Describe your data with metadata
In the course of your working life as a professional Psychologist you will routinely generate data. By now you will have already generated varying types and amounts. Some will be quantitative and some will be qualitative, some might be from traditional experiments, observational studies or clinical work.
The common thread that links the data you generate is that it’s often rendered unusable in a frighteningly short amount of time. This is irrespective of the perceived importance at the time you collected it, did an analysis and wrote it up!
Data can become unusable for a variety of reasons, e.g. data losses through hard drive failure, accidental deletion, computer upgrades, software that can read the data becomes obsolete or file formats change. However the most common reason is that you, as the person who generated the data in the first place, forget what it means! Or rather you forget how the data was coded which means you can no longer make sense of it. This is especially true if you are looking at the data in isolation without the written interpretation or publication that went alongside it.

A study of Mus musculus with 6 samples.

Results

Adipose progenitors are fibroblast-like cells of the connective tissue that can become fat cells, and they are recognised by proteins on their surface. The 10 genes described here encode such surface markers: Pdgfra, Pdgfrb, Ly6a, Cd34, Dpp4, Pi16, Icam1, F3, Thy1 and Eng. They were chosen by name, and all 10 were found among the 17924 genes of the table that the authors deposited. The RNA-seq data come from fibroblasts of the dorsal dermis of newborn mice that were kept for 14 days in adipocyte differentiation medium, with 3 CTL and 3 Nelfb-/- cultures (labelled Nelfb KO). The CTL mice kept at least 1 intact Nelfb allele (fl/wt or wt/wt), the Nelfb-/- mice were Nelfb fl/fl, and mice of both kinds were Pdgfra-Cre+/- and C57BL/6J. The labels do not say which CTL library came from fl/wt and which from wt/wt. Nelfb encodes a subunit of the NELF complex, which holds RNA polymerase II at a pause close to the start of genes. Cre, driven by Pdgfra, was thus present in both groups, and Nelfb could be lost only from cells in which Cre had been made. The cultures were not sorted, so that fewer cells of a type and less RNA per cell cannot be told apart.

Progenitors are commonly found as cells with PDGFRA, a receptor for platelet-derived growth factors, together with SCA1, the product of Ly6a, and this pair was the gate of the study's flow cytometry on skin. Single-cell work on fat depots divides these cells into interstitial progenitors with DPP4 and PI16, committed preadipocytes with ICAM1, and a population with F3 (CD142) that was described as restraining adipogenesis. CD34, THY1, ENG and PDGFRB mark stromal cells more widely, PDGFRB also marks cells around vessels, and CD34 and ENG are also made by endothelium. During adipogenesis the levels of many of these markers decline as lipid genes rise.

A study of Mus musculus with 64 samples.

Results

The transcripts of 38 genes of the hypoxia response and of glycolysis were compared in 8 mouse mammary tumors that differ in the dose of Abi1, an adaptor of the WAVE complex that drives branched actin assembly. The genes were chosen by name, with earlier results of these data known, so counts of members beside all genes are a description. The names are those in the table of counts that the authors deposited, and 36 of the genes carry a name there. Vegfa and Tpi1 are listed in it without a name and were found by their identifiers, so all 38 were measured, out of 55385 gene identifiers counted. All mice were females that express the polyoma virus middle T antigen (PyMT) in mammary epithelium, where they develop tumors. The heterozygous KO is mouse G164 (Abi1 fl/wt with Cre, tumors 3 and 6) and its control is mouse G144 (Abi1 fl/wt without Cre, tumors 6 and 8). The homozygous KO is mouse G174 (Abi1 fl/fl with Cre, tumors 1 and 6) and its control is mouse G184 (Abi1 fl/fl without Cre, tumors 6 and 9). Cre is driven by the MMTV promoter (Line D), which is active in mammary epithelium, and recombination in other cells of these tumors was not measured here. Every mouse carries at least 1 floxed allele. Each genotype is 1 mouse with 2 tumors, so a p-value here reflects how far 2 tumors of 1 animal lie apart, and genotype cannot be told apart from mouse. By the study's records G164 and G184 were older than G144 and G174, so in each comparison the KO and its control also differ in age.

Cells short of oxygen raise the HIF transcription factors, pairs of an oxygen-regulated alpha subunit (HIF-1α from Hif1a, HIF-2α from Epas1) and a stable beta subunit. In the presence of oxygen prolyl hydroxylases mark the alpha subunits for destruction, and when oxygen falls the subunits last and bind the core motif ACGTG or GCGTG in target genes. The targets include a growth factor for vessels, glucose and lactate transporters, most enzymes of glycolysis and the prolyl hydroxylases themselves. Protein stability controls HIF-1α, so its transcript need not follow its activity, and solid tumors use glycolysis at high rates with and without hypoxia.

With the big push to reuse and share data more widely this is becoming of paramount importance. If no one can understand your data it will be devalued. Remember it might be you a few years down the line that wants to reuse the data you collect today!
By describing your data with metadata you effectively annotate it so that you give it context and meaning. Metadata to all extents and purposes is data about data. Doing this isn’t as complicated as it sounds and it’s better to do it as you go along rather than see it as an additional onerous chore that’s done at the end of a project.